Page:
Despite appeals from relatives, rights advocates and foreign governments, Indonesia is going ahead with its plans to execute 14 people for drug crimes. A convoy of ambulances, most of them carrying coffins, arrived at the nearest port to the Nusa Kambangan prison island, where the convicts will be executed by firing squads. Family members were also seen visiting the island.

Indonesia has not released an official list of those to be executed, but the country's attorney-general said 14 people would be put to death. Community Legal Aid Institute (LBH), which is involved in some of the death row cases, has given names for four Indonesians, five Nigerians, two Zimbabweans, one South African, one Indian and one Pakistani.

Lawyers and rights groups have raised serious doubts about the legitimacy of the convictions in several of the drug cases, including that of Pakistani Zulfikar Ali, Indonesian Merri Utami and Nigerian Humphrey Jefferson. About 10 women protesting in Cilacap against Utami's death sentence were arrested.

According to Indonesia's women's rights commission, a government-backed body that functions independently, Utami had gone to Taiwan to work as a maid to escape her abusive husband. After divorcing him, she got involved with a man who took her to Nepal. Utami says that when the pair returned separately to Indonesia, the man gave her a bag to carry that contained heroin, but she had not realised this.

Rights groups have compared Utami's case to that of Mary Jane Veloso, a Filipino maid found guilty of drug trafficking in Indonesia and due to face a firing squad last year. Veloso was granted a last-minute reprieve following a request from Manila after an employment recruiter, whom Veloso had accused of planting drugs in her luggage, confessed to police in the Philippines. Female migrant workers are the perfect targets for drug trafficking rings because they are often poor, with limited education, but they hold passports.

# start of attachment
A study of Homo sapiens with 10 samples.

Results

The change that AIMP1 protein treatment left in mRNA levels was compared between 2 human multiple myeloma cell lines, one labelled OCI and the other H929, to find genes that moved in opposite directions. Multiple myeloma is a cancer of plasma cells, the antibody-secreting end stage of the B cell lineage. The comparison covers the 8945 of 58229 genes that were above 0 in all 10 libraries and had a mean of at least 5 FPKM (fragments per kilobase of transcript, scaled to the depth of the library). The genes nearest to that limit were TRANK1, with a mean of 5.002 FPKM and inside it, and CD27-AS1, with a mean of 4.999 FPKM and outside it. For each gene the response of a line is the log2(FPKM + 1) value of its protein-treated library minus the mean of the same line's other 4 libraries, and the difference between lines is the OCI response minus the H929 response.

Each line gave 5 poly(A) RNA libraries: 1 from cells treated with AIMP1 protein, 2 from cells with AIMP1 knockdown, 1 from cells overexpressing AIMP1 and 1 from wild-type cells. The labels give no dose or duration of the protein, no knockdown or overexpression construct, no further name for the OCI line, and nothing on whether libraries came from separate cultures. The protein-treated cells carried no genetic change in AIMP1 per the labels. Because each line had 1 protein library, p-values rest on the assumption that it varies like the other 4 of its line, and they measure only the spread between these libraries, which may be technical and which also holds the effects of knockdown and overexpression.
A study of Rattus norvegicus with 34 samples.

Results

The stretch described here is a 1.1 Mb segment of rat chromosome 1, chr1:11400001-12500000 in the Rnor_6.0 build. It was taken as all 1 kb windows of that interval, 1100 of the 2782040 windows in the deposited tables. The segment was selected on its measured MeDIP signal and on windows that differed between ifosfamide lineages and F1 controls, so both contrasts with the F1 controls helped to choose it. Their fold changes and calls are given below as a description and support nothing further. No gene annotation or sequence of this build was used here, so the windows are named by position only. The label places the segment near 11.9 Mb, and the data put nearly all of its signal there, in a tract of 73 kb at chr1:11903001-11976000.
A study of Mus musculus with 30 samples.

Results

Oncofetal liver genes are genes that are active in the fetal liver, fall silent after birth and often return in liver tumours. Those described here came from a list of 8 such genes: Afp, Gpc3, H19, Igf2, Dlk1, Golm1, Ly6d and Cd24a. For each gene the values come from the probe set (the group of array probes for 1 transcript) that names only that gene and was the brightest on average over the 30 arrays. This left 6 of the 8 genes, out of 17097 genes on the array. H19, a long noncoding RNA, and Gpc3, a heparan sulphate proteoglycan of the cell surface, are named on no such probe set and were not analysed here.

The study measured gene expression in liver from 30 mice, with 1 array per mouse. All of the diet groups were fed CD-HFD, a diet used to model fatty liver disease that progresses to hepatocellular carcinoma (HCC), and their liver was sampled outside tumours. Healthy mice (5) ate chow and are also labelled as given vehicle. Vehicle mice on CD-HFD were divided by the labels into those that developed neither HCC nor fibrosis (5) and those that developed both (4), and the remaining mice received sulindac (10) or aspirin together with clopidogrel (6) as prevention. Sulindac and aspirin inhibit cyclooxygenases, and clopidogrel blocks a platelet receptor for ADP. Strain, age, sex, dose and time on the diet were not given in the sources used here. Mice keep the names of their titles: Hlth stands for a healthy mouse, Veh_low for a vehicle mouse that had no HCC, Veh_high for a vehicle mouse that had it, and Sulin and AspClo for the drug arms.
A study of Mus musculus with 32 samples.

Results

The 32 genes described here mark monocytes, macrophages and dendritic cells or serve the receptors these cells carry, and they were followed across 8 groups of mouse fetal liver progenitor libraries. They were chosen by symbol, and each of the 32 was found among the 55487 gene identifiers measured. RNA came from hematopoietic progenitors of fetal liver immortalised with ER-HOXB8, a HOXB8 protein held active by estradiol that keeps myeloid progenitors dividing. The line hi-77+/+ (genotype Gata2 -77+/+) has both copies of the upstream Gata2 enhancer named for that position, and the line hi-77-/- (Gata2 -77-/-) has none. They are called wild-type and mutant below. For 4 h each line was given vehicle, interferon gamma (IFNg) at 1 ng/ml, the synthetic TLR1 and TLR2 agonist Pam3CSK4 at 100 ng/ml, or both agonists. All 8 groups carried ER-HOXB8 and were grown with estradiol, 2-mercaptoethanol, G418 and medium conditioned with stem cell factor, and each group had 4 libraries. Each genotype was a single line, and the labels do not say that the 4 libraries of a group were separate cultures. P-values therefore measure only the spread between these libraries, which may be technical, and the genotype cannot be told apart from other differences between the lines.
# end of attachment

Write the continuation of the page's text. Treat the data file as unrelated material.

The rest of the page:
In Cilacap, the sister-in-law of Michael Titus, a Nigerian sentenced to death, said his Indonesian wife was returning to Indonesia from West Africa in the hope she would be able to see him a final time. "We will keep fighting to seek justice for our family," said the relative, Nila, who used one name. "Michael is not alone. He has a wife, kids."

From Pakistan, a sister of Ali made an emotional appeal to the Indonesian authorities to review his case. Family members said the Indonesian government had arranged a final meeting between Ali and his wife and mother, who travelled to Indonesia.

"My brother is not a drug smuggler. I swear he is innocent," said Sajida Bibi. "I want to see my brother alive," she sobbed. "Don't send his body to us."

Indonesia execute drug offenders
Relatives carry a photograph of Pakistani national Zulfiqar Ali, who was sentenced to death in 2005 for heroin possession in Indonesia, during a protest in Lahore Arif Ali/AFP

The Indonesian government says the death penalty is necessary for drug crimes as the country is facing a drug epidemic, particularly affecting young people. But critics argue capital punishment is not an effective deterrent and some have also questioned the accuracy of the government's drug abuse statistics.

Muhammad Rum, a spokesman for Indonesia's attorney-general, said the executions are the "implementation of our positive laws" and will not be delayed or stopped. All the cases have gone through a long legal process including appeals, he said. "They all have been given chances at all stages." The foreign ministry also defended the use of capital punishment and the legal process.

This will be the third set of executions under President Joko "Jokowi" Widodo, who campaigned on promises to improve human rights. His two-year-old administration will have executed more people than were executed in the previous decade. Fourteen were put to death last year.